Film review: Ralph Fiennes' 'Coriolanus' is an unsympathetic look at Shakespeare
Ralph Fiennes as Caius Martius and Gerard Butler as Virgilia in Ralph Fiennes's film "Coriolanus." (Photo by Larry D. Horricks)
What is perhaps surprising is that some plays almost never make it to the screen. It's probably a safe guess that “Hamlet,” “Macbeth,” “Romeo and Juliet,” “Othello” and “Henry V,” all together, have spawned more films than the other thirtysomething titles combined. Ralph Fiennes' new version of “Coriolanus” — his directorial debut — appears to be the first big-screen adaptation (if the often unreliable IMDb is to be trusted in this case).
In the manner of Ian McKellen’s “Richard III” and Baz Luhrman's “Romeo + Juliet,” Fiennes updates the setting but keeps the literary style essentially intact. A large part of the trick in such hybrids is to reconcile the gap between the Elizabethan language and the more recognizable setting. It provides an excuse for all kinds of cleverness, but risks seeming utterly artificial.
Caius Martius (Fiennes) is Rome's most successful general; after seizing the Volscian city of Corioles, he is granted the additional name Coriolanus. Like many military heroes throughout history, he is being courted to enter politics, a realm he despises. His mother (Vanessa Redgrave) convinces him, against all his instincts, to run for consul (essentially co-ruler of Rome).
His recent triumphs guarantee the support of both the senate and the people. But, when pressed to present himself before the people, the blunt general expresses his utter contempt for them. Despite Mom's pleas to compromise, he ends up in exile, where he bitterly joins forces with his former archenemy, Aufidius (Gerard Butler), to attack Rome. Things do not work out well.
The dialogue in the film still talks about Romans and enemy Volscians, but Fiennes shot “Coriolanus” in Belgrade, automatically invoking the wars that accompanied the disintegration of Yugoslavia in the ‘90s. Fiennes and most of the other principals employ standard stage-Roman accents — i.e., educated Brit inflection — but many of the minor characters and extras are locals with their own accents.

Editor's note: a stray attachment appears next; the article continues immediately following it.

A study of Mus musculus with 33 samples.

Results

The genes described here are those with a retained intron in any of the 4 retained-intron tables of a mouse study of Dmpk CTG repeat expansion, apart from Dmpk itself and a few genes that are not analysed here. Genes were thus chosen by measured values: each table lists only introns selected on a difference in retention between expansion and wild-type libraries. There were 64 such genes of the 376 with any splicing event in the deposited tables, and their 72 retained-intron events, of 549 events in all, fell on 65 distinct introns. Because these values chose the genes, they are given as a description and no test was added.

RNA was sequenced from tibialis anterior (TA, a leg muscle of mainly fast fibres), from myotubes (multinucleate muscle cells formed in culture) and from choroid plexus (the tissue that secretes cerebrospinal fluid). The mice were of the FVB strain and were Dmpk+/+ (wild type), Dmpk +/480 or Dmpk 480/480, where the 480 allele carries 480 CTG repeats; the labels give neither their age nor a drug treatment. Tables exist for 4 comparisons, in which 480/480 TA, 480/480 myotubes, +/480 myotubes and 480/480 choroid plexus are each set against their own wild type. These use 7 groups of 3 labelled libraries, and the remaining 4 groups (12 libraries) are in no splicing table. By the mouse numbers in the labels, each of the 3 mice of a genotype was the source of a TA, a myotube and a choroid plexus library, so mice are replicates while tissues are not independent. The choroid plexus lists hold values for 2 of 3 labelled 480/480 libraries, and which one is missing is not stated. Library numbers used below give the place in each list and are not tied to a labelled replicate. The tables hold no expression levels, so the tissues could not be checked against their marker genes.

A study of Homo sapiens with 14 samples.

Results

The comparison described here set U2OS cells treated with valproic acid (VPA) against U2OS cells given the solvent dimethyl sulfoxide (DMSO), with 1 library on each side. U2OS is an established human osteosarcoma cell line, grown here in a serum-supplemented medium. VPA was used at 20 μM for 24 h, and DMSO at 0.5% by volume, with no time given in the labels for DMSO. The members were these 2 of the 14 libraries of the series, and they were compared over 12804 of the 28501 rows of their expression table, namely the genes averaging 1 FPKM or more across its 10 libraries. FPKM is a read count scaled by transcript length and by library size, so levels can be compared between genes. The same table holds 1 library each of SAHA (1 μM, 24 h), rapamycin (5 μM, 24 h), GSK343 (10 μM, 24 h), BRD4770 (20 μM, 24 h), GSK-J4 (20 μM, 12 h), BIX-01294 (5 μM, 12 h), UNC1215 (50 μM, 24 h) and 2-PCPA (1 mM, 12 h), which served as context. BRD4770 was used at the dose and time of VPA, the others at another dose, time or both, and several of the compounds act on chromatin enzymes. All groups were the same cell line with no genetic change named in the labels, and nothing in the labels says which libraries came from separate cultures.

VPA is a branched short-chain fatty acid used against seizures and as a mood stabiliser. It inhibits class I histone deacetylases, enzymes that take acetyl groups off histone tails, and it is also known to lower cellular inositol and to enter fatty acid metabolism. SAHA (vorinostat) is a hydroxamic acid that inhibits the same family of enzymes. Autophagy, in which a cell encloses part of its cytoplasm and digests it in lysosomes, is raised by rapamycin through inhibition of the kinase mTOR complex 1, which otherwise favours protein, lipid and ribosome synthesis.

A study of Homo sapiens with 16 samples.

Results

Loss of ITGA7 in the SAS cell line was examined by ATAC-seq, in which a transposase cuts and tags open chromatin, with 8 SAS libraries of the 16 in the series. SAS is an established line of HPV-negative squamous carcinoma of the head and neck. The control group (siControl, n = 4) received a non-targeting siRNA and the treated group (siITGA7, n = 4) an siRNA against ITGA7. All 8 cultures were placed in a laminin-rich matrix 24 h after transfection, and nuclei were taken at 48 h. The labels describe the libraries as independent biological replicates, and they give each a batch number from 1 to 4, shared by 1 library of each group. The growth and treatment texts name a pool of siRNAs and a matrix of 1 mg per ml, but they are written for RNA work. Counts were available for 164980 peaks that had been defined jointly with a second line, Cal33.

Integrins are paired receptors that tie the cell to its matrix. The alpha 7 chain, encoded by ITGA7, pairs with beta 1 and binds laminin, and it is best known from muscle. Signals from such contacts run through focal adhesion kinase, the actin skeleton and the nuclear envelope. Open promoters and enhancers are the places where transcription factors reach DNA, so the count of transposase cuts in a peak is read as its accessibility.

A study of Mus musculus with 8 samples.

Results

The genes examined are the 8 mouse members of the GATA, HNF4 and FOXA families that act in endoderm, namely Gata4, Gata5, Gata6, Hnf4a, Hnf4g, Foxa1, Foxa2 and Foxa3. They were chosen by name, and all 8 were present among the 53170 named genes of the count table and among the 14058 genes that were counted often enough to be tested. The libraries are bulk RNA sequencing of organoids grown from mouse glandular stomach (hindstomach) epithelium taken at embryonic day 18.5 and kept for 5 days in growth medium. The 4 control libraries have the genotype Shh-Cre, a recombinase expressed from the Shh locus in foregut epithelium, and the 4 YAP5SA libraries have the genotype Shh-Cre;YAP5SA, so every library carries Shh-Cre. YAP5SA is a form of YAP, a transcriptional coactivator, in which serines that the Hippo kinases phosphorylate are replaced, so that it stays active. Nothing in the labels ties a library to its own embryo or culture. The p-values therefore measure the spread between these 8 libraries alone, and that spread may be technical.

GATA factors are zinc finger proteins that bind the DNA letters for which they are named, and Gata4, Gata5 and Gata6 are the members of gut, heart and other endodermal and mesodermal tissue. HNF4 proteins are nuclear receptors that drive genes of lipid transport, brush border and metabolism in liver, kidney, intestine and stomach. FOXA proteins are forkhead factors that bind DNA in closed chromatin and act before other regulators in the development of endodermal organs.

In addition to the battle-scarred urban landscapes, the contemporary backdrop fits most of the story well. The presence of modern arms seems reasonable; and the Roman Senate looks like, well, the Senate we know and occasionally love. The cleverest modernization tactic is the frequent presence — sometimes in the background, other times filling the screen — of 24-hour cable news. Expository passages from the play feel more realistic and natural coming from vacuous anchormen and pompous pundits.
The cast is almost uniformly superb, even Butler, whom I normally can't stand. (Time for a reevaluation?) Redgrave has such a strong presence — appropriate for the role — that she would blow a lesser cast off the screen. Equally terrific is Brian Cox, as Coriolanus' strongest political ally. South African actor John Kani is a problem, because his accent makes his lines virtually incomprehensible.
Fiennes is, of course, at the center of everything, and what might seem like faults in his performance are really inherent issues in the play. But the fault, we might say, is not in the star. For every Romeo or Juliet-type lover in the tragedies, there are two heroes who are not guys you would ever want to know. With Othello, Macbeth and Lear — even the almost cartoonish Titus Andronicus — we are invited into their souls through soliloquies and confessions; but Coriolanus is a particularly unreflective character. His arrogance and self-destructive decisions are a hard sell. Fiennes overcomes much of this through facial expressions, but his Coriolanus still fails to engage our sympathies.
ANDY KLEIN is the film critic for Marquee. He can also be heard on “FilmWeek” on KPCC-FM (89.3).